One of the sweetest immigrant success stories ever helped provide a decent living for generations of Manteca families and provided area farmers steady income for 75 years.
Claus Spreckels — born in a small village in what is now modern-day Germany on July 9, 1828 — was a farmhand thrown out of work by crop failure and political upheaval when he immigrated to the United States in 1848. When he arrived in Charleston, South Carolina at age 20 he spoke no English and had only 75 cents to his name.
By the time of his death on Dec. 26, 1908 in San Francisco Spreckels was worth $1.5 billion in today’s dollars. He had become known as the Sugar King of Hawaii and had a number of successful enterprises including Spreckels Sugar.
His empire included sugar, banks, railroads, sea shipping lines, gas and electricity, breweries, newspapers, and real estate.
Spreckels’ firm — under the leadership of his son Adolph Spreckels — expanded into Manteca by contracting with farmers to grow 244 acres of sugar beets in the Nile Garden area south of present-day Manteca after the formation of the South San Joaquin Irrigation District triggered a surge in agricultural production and pumped new life into Manteca and Ripon.
That first crop tested high in sugar. That led to Spreckels signing contracts with farmers to grow 1,300 acres of sugar beets out of the 14,000 acres being supplied with water by SSJID.
By 1916, 7,000 acres in Manteca were planted in sugar beets. Spreckels officially formed its Manteca Distruct as well as two nearby — the Modesto and Stockton Districts. Beet dumps and loading stations were built along Southern Pacific as well as Tidewater railroad tracks in Manteca, Lathrop, French Camo, Summer Home and Calla.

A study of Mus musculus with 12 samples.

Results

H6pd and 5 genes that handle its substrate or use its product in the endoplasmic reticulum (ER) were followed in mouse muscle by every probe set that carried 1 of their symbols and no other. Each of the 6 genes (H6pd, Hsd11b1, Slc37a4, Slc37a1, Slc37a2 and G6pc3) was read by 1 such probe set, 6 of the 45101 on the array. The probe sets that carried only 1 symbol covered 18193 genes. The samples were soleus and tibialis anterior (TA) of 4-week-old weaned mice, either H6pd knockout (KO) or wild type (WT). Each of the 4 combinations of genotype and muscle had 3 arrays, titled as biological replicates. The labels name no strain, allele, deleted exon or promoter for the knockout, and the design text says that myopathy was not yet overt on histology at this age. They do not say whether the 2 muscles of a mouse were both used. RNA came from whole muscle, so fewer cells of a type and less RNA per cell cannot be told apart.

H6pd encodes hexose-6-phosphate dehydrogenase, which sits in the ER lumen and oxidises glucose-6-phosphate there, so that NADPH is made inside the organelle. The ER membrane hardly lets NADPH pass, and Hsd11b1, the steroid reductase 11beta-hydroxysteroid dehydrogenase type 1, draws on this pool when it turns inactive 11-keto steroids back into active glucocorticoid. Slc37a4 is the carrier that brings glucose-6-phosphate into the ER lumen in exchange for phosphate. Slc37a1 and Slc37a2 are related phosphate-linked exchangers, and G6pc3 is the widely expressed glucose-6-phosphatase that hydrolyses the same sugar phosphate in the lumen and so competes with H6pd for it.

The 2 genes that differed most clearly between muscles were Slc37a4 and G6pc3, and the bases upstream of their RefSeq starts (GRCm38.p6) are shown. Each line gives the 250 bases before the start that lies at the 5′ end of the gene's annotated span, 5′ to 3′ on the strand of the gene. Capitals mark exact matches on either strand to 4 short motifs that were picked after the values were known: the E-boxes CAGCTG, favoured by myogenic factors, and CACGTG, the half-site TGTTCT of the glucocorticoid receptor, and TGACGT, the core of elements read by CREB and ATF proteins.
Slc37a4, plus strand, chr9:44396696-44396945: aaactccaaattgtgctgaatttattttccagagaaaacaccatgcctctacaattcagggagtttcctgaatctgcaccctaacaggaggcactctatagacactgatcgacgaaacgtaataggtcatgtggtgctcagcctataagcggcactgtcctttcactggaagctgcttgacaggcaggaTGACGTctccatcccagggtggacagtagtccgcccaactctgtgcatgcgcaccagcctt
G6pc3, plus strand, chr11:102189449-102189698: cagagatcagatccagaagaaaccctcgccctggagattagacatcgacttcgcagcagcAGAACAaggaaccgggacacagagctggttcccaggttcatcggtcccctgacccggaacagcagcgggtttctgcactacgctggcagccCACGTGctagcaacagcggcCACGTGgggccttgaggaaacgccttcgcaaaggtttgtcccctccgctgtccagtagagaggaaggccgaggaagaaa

The exceptional sugar content and agreement by 125 growers I the Manteca District to plant 6,700 acres in sugar beets and similar commitments in the Stockton and Modesto area led to the decision to build a sugar refinery plant. Manteca in 1916 beat out strong bids in 1916 from Modesto and Stockton to land the sugar firm’s commitment to build a factory. The initial operation was built where the Manteca Target store is today and lasted until it was shuttered in 1996 due to a shift to fructose for commercial use such as sodas, increased labor costs, and ever changing air quality standards in the San Joaquin Valley.
The marks left on Manteca and Northern California by the Spreckels Sugar Empire are still visible today.
In Manteca, the 362-acre plant site has been converted into a high profile retail center and business park along with the 177-home Curran Grove neighborhood.
Just 76 miles away in San Francisco the wealth that sugar beets grown in Manteca soil helped generate paid for a number of famous landmarks. Adolph Spreckels:
udonated the Palace of the Legion of Honor art museum to the City of San Francisco that was completed in 1924
ubuilt a Beaux-Arts style mansion in 1913 in San Francisco’s most exclusive neighborhood — Pacific Heights. The mansion is now the home of prolific romance novelist Danielle Steel.
udonated a large chunk of land from today’s 25th Avenue to the Great Highway to expand Golden Gate Park when he served as president of the San Francisco Parks Commission. Spreckels Lake — built specifically for use by model yacht enthusiasts — was named after Spreckels by the commission over his objections. He had wanted the manmade lake located near the Dutch Windmill overlooking the Great Highway to be named Model Yacht Lake and objected strenuously to the decision. Spreckels was one of the key players in the overall development of Golden Gate Park.
But perhaps the most impressive remaining monument to Spreckels Sugar’s impact on Northern California — especially to those with deep roots in Manteca — can be found 126 miles to the southwest of Manteca.
It is where you will find Spreckels, California. It is four miles south of Salinas in the Salinas Valley portion of Monterey County.
When the sugar plant was built in Spreckels in 1899 it was the largest in the world. It used 13 millions of water each day to process roughly 3,000 tons of sugar beers.
There are 229 homes in Spreckels of which many have architecture that reflects century-old nuances. There are 675 people, a Spreckels Memorial Park, Spreckels Post Office, and Spreckels Elementary School.
The massive sugar stories — in excess of 20 stories —stills stand. They dwarf the four 15-story silos imploded in 1998 at the Manteca factory to make way for the Spreckels Park development.